Mayor Jim Kenney joined City and State officials to highlight the success of the Roosevelt Boulevard Automated Speed Enforcement (ASE) pilot program and to advocate for City and State legislation to continue the program which is set to expire in 2023, expand it throughout Philadelphia, and implement it in active work zones.

Roosevelt Boulevard was chosen to be a pilot of the ASE program because it has one of the highest rates of crashes in the City. 55 percent of crashes on the Boulevard were either speeding related or a result of aggressive driving (Data source: PennDOT).

Graph showing a significant reduction in speeding violations per month. Starting at 224,206 in June 2020 going down to 15,283 in January 2022
Source: Roosevelt Boulevard Speed Camera Annual Report 2022, PPA.

When ASE was introduced in June 2020 the program issued warnings to over 220,000 vehicles traveling 11 miles per hour or more over the speed limit. This past January 2022 ASE issued only 15,000 tickets, a stunning 93 percent fewer speeding violations.

Additional analysis estimates this reduction in the number of speeding vehicles lead to 30 percent fewer crashes compared to the city average and 50 percent fewer traffic deaths in just the first seven months of the program.

Speed cameras saves lives

The success of ASE on the Boulevard cannot be overstated. Even as traffic crashes rose in late 2020 in Philadelphia and across the country, the Boulevard saw 200 fewer crashes in the first seven months. New legislation, at the state and local level, is needed to keep these cameras operating, bring the success of the speed cameras to other corridors throughout our city and save lives.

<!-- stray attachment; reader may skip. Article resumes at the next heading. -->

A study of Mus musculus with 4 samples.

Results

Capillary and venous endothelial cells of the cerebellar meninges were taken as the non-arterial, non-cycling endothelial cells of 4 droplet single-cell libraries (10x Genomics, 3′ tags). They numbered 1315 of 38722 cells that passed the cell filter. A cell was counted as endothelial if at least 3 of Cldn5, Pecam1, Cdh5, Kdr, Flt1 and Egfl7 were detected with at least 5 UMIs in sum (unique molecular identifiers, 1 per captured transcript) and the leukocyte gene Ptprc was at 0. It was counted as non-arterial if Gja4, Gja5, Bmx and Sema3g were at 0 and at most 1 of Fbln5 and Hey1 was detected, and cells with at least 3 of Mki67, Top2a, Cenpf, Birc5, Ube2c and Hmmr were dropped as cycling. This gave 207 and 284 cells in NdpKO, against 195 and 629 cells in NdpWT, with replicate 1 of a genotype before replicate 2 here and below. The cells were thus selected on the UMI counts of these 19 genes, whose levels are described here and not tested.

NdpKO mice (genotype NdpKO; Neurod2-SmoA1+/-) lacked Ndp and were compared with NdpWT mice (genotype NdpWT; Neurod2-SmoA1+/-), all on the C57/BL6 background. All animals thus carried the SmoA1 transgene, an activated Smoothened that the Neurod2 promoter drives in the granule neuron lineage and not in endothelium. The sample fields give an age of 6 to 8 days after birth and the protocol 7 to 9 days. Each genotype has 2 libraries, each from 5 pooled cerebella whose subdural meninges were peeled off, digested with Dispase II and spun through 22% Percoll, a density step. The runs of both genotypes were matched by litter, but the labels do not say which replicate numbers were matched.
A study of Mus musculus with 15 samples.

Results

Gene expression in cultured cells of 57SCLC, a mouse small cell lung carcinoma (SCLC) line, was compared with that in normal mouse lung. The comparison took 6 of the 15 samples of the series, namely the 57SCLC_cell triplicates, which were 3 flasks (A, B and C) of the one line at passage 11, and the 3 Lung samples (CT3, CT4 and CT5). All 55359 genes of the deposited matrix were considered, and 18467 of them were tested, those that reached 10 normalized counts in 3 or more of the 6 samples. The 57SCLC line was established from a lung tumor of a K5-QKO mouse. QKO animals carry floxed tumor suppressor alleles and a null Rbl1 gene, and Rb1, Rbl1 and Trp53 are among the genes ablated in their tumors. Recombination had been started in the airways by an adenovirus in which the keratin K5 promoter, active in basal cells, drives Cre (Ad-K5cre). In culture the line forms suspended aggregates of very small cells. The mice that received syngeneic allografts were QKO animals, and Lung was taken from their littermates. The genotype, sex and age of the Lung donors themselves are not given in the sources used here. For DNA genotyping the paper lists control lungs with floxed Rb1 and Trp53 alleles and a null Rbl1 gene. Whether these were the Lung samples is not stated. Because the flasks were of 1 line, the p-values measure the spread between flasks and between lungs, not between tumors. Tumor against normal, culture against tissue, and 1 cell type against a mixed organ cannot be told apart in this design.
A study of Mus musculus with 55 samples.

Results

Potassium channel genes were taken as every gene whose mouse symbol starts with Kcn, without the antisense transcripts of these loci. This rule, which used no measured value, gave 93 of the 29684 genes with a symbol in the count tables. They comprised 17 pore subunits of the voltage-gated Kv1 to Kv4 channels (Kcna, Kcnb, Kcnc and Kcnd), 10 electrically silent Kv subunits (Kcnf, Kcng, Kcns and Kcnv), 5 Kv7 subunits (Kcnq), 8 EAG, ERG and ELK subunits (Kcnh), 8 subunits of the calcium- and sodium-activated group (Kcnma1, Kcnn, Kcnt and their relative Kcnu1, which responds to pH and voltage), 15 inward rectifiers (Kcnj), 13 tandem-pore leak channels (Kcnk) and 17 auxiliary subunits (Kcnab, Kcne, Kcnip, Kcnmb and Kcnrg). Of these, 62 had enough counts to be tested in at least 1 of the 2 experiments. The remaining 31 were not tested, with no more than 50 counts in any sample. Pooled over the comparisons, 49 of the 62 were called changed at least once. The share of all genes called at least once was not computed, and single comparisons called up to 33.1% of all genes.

The success of the pilot program, administered by the Philadelphia Parking Authority (PPA), also means that there is uniform and consistent speed enforcement. This helps manage driving speeds as well as reduce the number of crashes resulting in serious injury or fatalities as detailed in the PPA’s Roosevelt Boulevard Speed Camera Annual Report 2022.

ASE is not designed to inflict harsh punishments or generate revenue. Speeding violations do not result in any points on a driving record and fines are set relatively low to discourage repeat speeding violations. Any surplus funds, after program expenses, are re-invested in the Boulevard through safety projects and technical assistance.

City, state and advocacy leaders pose for a photo
From left to right: PPD Captain Mark Overwise, Former Rep. John Taylor, PPA Red Light and Speed Enforcement Casey Wench, PPA Deputy Director Corinne O’Connor, Mayor Jim Kenney, Deputy Managing Director Mike Carroll, Councilmember Driscoll, FFSS Latanya Byrd, Rep. Tim Hennessey, Rep. Mike Carroll, Rep. Pam DeLissio, Councilmember Cherelle Parker, Senator Marty Flynn (Photo Credit: Albert Lee, City of Philadelphia).

Co-Founder of Families for Safe Streets of Greater Philadelphia, Latanya Byrd, experienced traffic violence on the Boulevard first hand when her niece Samara Banks, and her three nephews all tragically lost their lives on Roosevelt Boulevard on July 16, 2013. “The twilight for the automated speed cameras pilot is approaching,” said Byrd. “Everyone in Philadelphia and the surrounding counties wants to travel safely without fear of a crash that may end their life or the life of a loved one.”

The City remains committed to our Vision Zero goal of eliminating all traffic fatalities and serious injuries in Philadelphia, and encourages everyone to join us in advocating for the continued use of this life-saving program.